Jason Wincuinas
Jan 28, 2014

Growth-hack your brand to discover new customers

HONG KONG – Well-established brands can learn from the world of scrappy startups. 'Growth hacking' melds tech savvy with social strategies and a 100 per cent user focus to pioneer a following and build profitability.

Growth-hack your brand to discover new customers

Bloggers and tech gurus have been touting the term 'growth hacking' as the next big thing for marketing, claiming big budgets are a thing of the past and that all brands have to do is embrace a coder’s meticulous logic to open up a world of a billion new users.

That might sound far-fetched, but if you haven’t heard of growth hacking yet, it is time to put the idea on your radar. This is the secret sauce that fast-paced phenoms like Instagram (as well as other chiefly web-based brands) use to coat themselves in low-cost (or no-cost) marketing success. While more a philosophy than a methodology, the approach takes slices from customer service, engineering and PR to assemble communities of loyalists (read customers) who not only buy a product but broadcast praise on its behalf. 

 “Growth hacking builds the story and the business for you,” said James Giancotti at this past weekend’s Startup Saturday: Crowdfunding 2014 conference. Giancotti is co-founder and director of Bigcolors, a firm that specializes in helping startups crowdsource their investment needs. After working at firms such as JP Morgan and Goldman Sachs, he set out on his own and has seen how firms can flame out as well as flourish. He noted that for tech companies in particular, the growth-hacking approach is a good way to learn how to make a product more suited to their client bases because the technique’s nature is that it “has to be social aware.”

“Hacking is all about playing with things,” he says, “learning how to fail fast and discover the right formula.” But when you are growth-hacking a company, the day-to-day becomes about learning the psychology of traction and fine-tuning offers or positioning until it resonates with the widest audience.

The strange and ever-evolving flavours of Kit Kat candy bars in Asia could be looked at as an example of a brand growth hack. The experimentation builds buzz, loyalty and a community of collectors, one new product at a time.

Nike’s fuel band is another example of a large-scale growth hack. It’s a non-core product (a digital device from a shoe company? Who would buy that?), which has been instrumental to building customer loyalty. The athletic-gear maker has found both image and sales success via this non-traditional channel that it developed with sports enthusiasts in mind. The approach is decisively growth-hacky: It focuses on the customer’s lifestyle, uses technology to enhance something organic and adds a social aspect for sharing fitness data (plus everybody sees you wearing it). That keeps its user based plugged in and buying. Even if they haven’t seen an ad lately the wearable device constantly exposes consumers to the brand while building and reinforcing a relationship.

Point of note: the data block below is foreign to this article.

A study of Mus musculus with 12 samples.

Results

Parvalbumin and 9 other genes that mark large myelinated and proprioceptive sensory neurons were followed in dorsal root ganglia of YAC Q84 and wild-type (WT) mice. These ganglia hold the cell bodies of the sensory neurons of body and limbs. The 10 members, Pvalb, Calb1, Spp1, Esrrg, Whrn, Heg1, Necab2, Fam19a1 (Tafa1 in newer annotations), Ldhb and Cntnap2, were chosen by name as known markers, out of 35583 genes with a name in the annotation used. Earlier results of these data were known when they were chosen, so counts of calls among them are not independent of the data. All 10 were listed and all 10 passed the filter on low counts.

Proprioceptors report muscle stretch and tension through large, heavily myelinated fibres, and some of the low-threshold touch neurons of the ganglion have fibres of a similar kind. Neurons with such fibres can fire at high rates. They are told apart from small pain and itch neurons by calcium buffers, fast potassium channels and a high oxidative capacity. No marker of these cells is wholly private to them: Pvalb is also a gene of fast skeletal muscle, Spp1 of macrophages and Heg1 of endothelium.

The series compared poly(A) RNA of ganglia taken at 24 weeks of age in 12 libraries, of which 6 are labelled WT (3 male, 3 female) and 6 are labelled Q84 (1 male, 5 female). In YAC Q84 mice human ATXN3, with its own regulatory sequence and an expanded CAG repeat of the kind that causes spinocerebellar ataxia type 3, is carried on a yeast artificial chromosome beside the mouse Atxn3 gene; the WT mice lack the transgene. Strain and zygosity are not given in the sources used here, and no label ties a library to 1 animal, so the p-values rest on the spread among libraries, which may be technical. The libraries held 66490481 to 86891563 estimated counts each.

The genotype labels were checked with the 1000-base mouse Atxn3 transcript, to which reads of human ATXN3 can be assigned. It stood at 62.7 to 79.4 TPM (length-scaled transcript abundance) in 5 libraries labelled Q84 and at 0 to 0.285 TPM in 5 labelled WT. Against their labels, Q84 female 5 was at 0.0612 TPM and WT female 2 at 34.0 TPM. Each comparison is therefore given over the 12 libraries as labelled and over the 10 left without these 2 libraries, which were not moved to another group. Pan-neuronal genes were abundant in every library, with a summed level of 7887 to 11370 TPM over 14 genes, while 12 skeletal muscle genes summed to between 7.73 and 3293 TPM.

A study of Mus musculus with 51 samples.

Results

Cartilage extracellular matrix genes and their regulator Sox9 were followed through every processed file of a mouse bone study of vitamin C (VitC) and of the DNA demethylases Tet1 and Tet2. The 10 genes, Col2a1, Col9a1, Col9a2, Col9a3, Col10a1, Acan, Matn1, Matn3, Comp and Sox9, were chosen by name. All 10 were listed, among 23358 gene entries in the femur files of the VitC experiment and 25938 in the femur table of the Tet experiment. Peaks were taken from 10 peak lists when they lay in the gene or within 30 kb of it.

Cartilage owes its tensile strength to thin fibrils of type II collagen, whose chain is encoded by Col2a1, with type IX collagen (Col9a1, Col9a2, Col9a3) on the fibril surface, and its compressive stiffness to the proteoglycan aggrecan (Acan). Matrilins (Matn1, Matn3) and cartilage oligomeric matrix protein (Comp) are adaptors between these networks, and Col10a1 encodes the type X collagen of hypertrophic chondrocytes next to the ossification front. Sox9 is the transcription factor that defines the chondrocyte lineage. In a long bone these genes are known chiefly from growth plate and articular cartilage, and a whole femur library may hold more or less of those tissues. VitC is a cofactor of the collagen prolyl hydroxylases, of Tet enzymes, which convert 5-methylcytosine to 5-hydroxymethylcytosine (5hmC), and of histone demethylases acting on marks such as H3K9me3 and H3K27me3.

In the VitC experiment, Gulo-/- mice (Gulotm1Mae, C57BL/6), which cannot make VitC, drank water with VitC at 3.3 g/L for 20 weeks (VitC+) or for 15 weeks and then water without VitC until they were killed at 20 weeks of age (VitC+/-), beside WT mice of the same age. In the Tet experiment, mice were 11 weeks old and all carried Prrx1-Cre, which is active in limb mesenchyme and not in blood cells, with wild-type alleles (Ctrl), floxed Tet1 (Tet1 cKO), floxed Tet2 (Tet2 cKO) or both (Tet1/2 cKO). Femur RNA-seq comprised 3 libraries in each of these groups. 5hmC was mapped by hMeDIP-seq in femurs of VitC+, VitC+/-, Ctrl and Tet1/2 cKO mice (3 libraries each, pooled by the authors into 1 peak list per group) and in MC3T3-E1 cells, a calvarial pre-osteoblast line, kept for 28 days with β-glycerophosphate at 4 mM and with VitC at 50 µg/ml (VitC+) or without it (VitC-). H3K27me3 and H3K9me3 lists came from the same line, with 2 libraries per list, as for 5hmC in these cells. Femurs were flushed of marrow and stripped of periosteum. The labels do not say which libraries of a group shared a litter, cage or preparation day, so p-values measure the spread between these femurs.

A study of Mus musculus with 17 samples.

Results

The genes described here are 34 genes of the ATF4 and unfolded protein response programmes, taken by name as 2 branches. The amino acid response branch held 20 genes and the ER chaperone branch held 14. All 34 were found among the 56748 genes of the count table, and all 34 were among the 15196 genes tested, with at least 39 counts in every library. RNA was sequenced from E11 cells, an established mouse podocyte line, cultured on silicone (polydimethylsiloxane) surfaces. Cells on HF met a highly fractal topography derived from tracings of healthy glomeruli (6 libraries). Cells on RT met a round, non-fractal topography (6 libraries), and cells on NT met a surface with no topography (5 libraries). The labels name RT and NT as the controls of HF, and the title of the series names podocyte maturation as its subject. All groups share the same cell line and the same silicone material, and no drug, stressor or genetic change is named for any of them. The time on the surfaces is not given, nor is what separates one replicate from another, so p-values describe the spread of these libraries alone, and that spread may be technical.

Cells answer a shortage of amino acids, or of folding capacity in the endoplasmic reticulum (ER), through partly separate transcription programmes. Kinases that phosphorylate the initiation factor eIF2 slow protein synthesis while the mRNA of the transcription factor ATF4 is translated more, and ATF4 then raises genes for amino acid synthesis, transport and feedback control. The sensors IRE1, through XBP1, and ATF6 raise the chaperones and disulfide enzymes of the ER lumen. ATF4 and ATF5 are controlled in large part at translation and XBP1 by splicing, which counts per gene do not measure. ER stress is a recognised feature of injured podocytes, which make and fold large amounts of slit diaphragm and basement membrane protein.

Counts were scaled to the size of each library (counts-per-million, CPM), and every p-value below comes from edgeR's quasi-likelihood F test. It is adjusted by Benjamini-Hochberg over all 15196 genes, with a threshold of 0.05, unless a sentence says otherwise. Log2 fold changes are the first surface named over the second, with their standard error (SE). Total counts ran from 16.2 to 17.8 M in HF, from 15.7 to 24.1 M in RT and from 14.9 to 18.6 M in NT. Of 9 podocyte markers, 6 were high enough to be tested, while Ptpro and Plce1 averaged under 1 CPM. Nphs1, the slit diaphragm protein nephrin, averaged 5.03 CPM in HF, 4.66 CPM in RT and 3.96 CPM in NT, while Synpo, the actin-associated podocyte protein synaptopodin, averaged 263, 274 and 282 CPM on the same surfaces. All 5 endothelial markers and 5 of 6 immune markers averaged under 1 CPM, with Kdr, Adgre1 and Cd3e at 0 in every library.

By definition growth hacking is a scrappy startup approach to marketing, which a distinct lack of budget forces on entrepreneurs. But the idea marketers with a budget can adopt is the way it looks at consumption as something that spreads, or can be spread. If you think about consumption as viral, does that change the way you go to market?

The industry talks a lot about the consumer journey but growth hacking puts its focus more on customer discovery. Put all methods on the table and think less about which channel to use and more about how to combine all the channels to feed a community. That’s more in tune with using a hacking philosophy to build growth.

Most, if not all, media agencies in Asia have themselves already touted hackathons as part of a formula for innovation and growth. That seems to be a step in the right direction, but the industry on the whole can still expand the idea and incorporate it into product development and market strategy, as well as messaging that goes out to the consuming audience.

While marketers can sometimes get overeager, believing their product is for everyone, that is not entirely the case But even with an FMCG item like toothpaste (which truly everyone does need),. Every product can fit a smaller niche. Growth hacking looks at wedging into narrow openings like that and then growing from the inside out. Satisfy a core with a great product, fantastic customer service and community savvy and you set off a cascade of growth that self perpetuates.

Instagram’s famous history of pulling in its first million users in only about one month’s time should encourage every brand that growth hacking has potential to accelerate business in new ways. Fusing technology with community offers brands a channel to hack into widespread success.